SMIC
(Image credit: SMIC)

When the U.S. Department of Commerce (DOC) restricted access of China's largest contract chipmaker Semiconductor Manufacturing International Corp. (SMIC) to fab equipment used to make10nm-class chips, it was considered a tough but not too severe move. Now the U.S. government is mulling restricting China from producing logic chips using a 14nm-class fabrication process. 

The DOC is examining the possibility of prohibiting the exportation of chipmaking tools to companies in China that can make logic chips using 14nm-class manufacturing nodes and thinner, according to a Reuters report that cites five people familiar with the matter. The only company in China currently producing chips using its 14nm fabrication process is SMIC, which has been doing so since late 2019. 

What is not completely clear from the report is whether the DOC wants to ban SMIC from getting tools used to make semiconductors on its 14nm node and thinner, or if it wants to ban SMIC from getting any tools at all because it is capable of making chips using its 14nm technology. 

Currently, American companies can sell equipment good enough to build 14nm chips to SMIC without any export licenses from the DOC and other agencies. If the U.S. government decides to restrict SMIC's access to advanced chipmaking tools, companies like Applied Materials and Lam Research will have to apply for an export license every time they deal with SMIC. The application will be reviewed with a presumption of denial.

An official for the U.S. DOC did not confirm that the department was discussing 14nm-related export restrictions for SMIC but confirmed that it was continuously reviewing the ongoing situation.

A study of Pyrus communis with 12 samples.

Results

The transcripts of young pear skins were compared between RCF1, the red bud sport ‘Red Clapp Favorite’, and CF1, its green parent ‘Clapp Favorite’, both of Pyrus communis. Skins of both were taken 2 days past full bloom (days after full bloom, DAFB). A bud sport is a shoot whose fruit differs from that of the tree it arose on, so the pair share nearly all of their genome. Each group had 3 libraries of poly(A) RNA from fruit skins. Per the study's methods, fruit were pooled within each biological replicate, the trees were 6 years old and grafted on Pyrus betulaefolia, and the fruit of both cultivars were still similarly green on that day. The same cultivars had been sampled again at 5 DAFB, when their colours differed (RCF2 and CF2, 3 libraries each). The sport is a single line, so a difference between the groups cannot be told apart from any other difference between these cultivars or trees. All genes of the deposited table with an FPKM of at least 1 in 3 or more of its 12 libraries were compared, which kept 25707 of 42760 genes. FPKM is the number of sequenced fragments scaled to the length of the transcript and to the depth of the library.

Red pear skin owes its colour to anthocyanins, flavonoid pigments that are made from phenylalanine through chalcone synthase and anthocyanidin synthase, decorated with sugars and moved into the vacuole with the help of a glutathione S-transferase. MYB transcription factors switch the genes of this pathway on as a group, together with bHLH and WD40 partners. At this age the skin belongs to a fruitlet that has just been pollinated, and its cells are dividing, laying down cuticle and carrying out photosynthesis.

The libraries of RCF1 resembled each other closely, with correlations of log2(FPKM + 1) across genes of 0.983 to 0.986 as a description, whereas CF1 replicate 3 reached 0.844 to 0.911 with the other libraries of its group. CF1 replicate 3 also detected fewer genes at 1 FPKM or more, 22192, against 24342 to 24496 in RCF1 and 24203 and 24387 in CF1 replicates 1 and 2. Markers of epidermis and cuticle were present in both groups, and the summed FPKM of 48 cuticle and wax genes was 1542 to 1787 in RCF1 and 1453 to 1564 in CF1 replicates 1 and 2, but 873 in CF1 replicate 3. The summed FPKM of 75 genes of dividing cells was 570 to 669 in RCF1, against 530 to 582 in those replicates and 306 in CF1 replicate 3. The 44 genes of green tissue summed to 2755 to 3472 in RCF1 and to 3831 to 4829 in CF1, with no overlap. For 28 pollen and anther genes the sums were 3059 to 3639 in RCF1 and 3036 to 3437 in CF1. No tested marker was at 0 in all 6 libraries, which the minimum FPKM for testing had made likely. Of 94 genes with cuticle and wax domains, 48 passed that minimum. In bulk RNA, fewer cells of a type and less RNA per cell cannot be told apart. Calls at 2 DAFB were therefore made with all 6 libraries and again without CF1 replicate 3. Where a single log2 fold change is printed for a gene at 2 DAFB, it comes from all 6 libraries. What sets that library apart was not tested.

"With respect to semiconductor-related export license applications in particular, (Commerce) and the other reviewing agencies ... consider a variety of factors in making licensing decisions, including the technology node for the proposed export," the spokesperson for the Department of Commerce is reported to have said. 

Because SMIC could not access extreme ultraviolet (EUV) lithography tools due to the Wassenaar Arrangement, the firm began the development of its 12nm, N+1, and N+2 process technologies that relied purely on deep ultraviolet (DUV) lithography and were aimed primarily at inexpensive chips that did not require a high transistor density. Now, both N+1 and N+2 nodes are considered sub-10nm fabrication processes, so SMIC had to cancel their development. 

When SMIC was barred from manufacturing tools advanced enough to make chips using its 10nm-class (and sub-10nm-class) nodes in late 2020, the company said it would focus on developing advanced packaging technologies to make sophisticated multi-chiplet designs out of tiles produced on 14nm and thicker nodes. That would enable Chinese chip designers to build sophisticated and capable processors with tens of billions of transistors even without using an advanced process technology. In addition, the company announced multi-billion dollar expansion plans that would triple the output of chips made on advanced nodes.

To a large degree, advanced packaging technologies could be SMIC's way to work around the U.S. export restrictions. As a result, China would gain access to advanced computing capabilities that could be used for military purposes.

The U.S. administration certainly understands SMIC's options and risks that it brings to America and its allies, so it wants to further crackdown China's access to sophisticated chipmaking tools.

Anton Shilov
Freelance News Writer

Anton Shilov is a Freelance News Writer at Tom’s Hardware US. Over the past couple of decades, he has covered everything from CPUs and GPUs to supercomputers and from modern process technologies and latest fab tools to high-tech industry trends.